Studio: Kyoto Animation
Season: Autumn 2016
Alternative Titles: Hibike! Euphonium 2
The second season of Kyoto Animation’s acclaimed Sound! Euphonium directly follows on from the end of the first season and already in this first double-length episode is putting itself forward as a candidate for best in season.
I’ve loved Kyoto Animation as a studio ever since I began with Haruhi, so it’s great to see them back on track after whatever Myriad Colors Phantom World was. Their soft, squishy art style always looks great, but they seem to have a limited amount of talent for producing well-written story-based animation.
If you enjoyed the story in the first season of Sound! Euphonium, it looks like this season is going to be just as good, if the ominous pre-titles sequence is anything to go by. Putting Kumiko alone in the snow (before an appearance by Reina) sets a rather depressing tone which has made me doubt whether they get all the way through their future competitions. Either way, there’s a long way to go and lot to overcome even before they think of clinching more awards; with one problem coming their way right off the bat as the ‘mass-quitting’ incident rears its head once again.
This was one of the plot points that didn’t really get resolved last season, and I don’t know about anyone else, but personally as I saw the current generation of the band form up I cared less and less about what happened before. The club sucked, everyone left and it reformed bigger and better than ever before. That’s progress. Dragging up this subject again is not something I really wanted, but it seems that a lot of the characters still have a bugbear over it.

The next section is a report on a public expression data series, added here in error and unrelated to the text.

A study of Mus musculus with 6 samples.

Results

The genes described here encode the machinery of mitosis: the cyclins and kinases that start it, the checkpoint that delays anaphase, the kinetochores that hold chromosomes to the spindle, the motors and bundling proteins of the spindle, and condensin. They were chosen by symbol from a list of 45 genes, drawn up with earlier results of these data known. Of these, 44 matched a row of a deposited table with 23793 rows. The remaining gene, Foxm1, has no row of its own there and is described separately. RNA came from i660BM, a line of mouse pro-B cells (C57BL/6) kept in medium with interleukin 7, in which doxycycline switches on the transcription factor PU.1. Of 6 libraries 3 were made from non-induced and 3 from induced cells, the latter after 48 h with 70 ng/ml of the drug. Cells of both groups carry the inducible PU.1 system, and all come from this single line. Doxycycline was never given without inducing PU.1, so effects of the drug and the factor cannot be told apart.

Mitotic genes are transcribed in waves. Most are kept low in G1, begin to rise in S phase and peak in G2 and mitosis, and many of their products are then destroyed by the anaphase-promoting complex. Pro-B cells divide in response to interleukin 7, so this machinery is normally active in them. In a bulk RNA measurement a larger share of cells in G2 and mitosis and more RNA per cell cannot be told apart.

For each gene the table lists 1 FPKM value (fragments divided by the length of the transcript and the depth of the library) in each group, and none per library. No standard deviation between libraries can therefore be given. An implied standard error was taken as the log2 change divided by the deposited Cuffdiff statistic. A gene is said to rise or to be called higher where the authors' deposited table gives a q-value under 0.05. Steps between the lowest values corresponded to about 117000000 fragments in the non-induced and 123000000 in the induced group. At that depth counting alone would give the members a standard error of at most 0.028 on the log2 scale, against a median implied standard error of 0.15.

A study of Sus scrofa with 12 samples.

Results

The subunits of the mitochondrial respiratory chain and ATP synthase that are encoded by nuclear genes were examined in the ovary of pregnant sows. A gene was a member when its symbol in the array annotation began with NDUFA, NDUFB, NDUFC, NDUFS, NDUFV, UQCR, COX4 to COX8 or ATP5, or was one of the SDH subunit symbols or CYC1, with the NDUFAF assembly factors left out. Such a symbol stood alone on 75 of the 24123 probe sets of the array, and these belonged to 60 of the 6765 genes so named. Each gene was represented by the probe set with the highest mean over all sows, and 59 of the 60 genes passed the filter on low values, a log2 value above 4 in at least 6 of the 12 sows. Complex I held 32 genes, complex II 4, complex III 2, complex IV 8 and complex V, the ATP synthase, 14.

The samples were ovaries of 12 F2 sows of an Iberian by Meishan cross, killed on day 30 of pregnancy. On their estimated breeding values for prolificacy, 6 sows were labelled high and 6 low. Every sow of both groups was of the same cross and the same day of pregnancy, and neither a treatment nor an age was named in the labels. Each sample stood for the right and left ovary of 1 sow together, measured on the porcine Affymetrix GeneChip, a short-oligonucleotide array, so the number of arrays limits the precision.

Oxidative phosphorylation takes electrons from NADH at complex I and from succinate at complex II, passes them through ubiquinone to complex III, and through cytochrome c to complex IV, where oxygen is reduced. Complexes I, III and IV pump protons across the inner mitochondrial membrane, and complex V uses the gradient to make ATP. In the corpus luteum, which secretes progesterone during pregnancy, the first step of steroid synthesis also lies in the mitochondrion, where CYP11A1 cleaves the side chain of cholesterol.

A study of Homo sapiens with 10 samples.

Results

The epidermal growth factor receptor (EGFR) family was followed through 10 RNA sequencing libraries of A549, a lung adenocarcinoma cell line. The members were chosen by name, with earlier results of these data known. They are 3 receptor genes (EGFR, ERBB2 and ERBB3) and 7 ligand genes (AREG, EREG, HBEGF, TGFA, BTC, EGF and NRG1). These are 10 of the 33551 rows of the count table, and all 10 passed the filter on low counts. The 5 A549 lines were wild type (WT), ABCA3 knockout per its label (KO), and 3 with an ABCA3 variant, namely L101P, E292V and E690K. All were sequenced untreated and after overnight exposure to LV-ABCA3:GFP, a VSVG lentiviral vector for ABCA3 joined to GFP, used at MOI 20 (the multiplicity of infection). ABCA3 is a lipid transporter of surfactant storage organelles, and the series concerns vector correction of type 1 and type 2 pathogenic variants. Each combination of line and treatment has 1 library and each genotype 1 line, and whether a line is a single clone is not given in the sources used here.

This gives an opportunity to add new characters into the mix, namely one girl who dropped out but now wants to be back in the band. This doesn’t sit well with the band’s senior players who don’t want to ruin what they have gained with winning the competition. There’s plenty to explore here, but it risks taking away the limelight from Kumiko and Reina who arguably provide the most magic in this show.
For those fans who do like to engage in some ‘shipping’, the dynamic between the two is still there, and I love how there’s a distinction between how they speak to each other when alone and when they’re with others. The delivery is a lot softer and playful; you can really feel the bond between them, which is a testament to the voice actresses’ talent.
For those who come for the music over the drama though, the heat is very much still on as the band step it up for the Kansai competition, and with a new assistant teacher on board it feels like things are going to get musically tougher. With the band already having achieved some success I want to see them pushed further this season. Yet, one of the main difficulties that his type of show has is accurately depicting people improving how they play their instruments, as the soundtrack is recorded using professional musicians. So you won’t be able to hear it, but it should be depicted in the animation. The first season got this right, but I want them to go deeper without descending into the maddening melodrama of idol shows.
Still, everything is set up for a grand performance, and it’s going to be thrilling to see how far they can go. If the second season can keep pace with the quality of the first, this could be one of the best of the year.